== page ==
Liz Barker is a seasoned financial advisor from Philadelphia, who is blessed to be with the three loves of her life: James, her husband of 30 years, and two sons, James and Bryan.
Up until the age of 29, Liz had what she described as an uneventful life. She was married, had a career, a nice home, and was pregnant with her first child, a girl named Lauren.
“But the day my daughter was born, April 16, 1986—from that day forward, life changed,” she says.
Lauren was born with Down syndrome and a severe heart defect that required immediate surgery after she was born. Liz was thrown into a whirlwind of emotions and preoccupations. Baby Lauren survived the surgery, and lived a healthy three more years, up until complications arose from her second surgery. She passed away a couple months after Liz’s second child, James, was born.
“I suffered melancholy for over a year,” she says.
Another Turn In the Road
One evening, as she was getting ready for a party, Liz noticed her new bra was bothering her. When she returned home, she found a lump in her breast.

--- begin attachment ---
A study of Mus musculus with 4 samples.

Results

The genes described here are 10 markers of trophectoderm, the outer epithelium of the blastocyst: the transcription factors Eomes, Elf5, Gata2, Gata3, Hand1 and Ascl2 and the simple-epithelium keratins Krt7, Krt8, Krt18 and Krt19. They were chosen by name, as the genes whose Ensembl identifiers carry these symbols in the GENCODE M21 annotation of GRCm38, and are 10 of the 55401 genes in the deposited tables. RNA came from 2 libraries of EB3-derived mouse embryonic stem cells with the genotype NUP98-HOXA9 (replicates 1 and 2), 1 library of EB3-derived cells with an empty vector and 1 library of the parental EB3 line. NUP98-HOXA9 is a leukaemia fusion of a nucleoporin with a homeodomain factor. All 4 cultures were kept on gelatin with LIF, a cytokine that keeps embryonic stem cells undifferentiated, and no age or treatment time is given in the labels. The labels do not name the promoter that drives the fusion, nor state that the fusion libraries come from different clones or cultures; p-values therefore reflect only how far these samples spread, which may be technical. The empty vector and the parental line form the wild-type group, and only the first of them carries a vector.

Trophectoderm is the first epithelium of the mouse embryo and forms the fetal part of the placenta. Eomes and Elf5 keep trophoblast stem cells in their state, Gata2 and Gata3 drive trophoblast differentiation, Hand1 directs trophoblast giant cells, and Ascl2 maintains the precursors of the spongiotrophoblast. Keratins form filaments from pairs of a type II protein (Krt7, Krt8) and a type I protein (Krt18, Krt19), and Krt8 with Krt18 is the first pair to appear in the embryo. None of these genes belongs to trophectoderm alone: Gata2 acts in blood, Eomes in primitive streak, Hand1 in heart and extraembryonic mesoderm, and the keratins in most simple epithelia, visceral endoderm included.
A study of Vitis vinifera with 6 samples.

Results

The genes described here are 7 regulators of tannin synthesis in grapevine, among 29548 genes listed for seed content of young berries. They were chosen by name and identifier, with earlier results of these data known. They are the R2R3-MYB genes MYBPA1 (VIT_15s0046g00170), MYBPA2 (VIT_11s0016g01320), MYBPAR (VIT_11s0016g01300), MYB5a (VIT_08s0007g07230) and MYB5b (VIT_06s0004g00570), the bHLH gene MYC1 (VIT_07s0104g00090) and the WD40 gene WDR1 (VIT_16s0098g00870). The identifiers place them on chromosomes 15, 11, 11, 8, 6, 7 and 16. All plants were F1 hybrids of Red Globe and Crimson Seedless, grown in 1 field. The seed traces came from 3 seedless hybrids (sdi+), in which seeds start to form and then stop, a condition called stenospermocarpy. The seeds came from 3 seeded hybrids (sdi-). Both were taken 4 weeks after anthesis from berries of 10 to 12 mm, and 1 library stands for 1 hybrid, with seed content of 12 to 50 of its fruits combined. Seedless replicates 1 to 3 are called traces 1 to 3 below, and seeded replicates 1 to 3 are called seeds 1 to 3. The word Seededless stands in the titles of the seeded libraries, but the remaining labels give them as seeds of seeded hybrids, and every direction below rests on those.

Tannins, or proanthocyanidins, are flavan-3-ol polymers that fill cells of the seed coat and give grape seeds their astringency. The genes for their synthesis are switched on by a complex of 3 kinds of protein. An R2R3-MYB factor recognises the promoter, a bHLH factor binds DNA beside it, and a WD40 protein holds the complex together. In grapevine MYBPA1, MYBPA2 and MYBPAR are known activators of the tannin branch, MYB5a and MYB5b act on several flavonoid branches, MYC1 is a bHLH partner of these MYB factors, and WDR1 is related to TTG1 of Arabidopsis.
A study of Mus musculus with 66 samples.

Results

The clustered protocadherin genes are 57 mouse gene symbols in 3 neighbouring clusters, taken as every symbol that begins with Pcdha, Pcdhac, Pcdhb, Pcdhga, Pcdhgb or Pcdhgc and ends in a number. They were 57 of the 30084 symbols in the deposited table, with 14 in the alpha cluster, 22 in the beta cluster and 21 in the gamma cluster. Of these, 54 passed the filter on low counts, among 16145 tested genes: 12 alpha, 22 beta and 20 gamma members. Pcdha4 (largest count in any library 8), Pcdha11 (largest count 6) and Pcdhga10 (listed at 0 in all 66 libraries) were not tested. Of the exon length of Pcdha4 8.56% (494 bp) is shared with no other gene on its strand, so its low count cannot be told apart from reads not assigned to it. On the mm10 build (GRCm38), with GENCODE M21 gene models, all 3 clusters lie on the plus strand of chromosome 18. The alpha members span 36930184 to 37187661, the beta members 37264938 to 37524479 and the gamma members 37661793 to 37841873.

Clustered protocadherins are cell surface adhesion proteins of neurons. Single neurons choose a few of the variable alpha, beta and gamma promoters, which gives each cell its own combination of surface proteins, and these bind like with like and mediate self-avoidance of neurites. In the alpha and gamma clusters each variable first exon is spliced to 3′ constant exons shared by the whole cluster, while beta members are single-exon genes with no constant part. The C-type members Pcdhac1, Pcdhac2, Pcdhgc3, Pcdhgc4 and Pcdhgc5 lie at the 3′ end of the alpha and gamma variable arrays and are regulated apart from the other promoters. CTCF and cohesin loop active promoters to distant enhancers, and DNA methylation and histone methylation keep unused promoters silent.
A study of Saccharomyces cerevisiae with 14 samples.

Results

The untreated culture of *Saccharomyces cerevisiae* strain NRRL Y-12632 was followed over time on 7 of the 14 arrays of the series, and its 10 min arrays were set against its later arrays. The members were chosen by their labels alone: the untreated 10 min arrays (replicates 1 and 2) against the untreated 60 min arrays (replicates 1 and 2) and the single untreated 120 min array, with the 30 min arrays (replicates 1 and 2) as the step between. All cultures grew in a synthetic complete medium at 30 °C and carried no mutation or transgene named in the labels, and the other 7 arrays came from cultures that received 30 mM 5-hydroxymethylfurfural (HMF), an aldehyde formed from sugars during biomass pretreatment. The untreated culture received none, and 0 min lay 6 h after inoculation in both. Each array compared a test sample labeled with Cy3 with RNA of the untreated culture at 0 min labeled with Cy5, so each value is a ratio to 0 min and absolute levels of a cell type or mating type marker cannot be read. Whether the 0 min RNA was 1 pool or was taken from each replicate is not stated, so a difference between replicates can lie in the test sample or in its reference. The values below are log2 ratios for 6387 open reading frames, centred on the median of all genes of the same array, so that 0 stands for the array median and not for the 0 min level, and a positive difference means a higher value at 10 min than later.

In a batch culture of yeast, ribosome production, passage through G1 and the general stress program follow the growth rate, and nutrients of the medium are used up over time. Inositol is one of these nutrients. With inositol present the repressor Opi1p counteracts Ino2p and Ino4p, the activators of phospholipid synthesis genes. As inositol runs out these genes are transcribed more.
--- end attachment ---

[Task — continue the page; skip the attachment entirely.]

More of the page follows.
At first, she didn’t think it would be serious because she was young, and she had no family history of breast cancer. She went to the gynecologist who then referred her for an ultrasound. They then recommended that the lump be removed.
“We went to the doctor’s office a few days later to discuss the biopsy results, and he dropped the ‘C-bomb’ on me,” she says.
Liz was worried about the health of her unborn baby, so with the help of a physician family friend, she met with experts who have, in the past, treated pregnant women with breast cancer.
Not long after her diagnosis, she underwent a mastectomy when she was 5 ½ months pregnant, and began chemotherapy when she was in her third trimester.
At the end of her third trimester, she gave birth to a happy and healthy baby boy named Bryan.
“He just celebrated his 22nd birthday,” she says proudly. “He’s an honor student at UPenn, and a varsity athlete. I thank God every day for him and for the friend who helped us save Bryan’s life.”
Though there were plenty of lemons life had served her, Liz is standing today, a 21-year survivor of breast cancer, and healthy as ever.
“I feel really fortunate to be alive at 55,” she says. “Awful things happen to good people, and you just need to keep your head up and keep going.”
You can read more about Liz’s journey on her blog.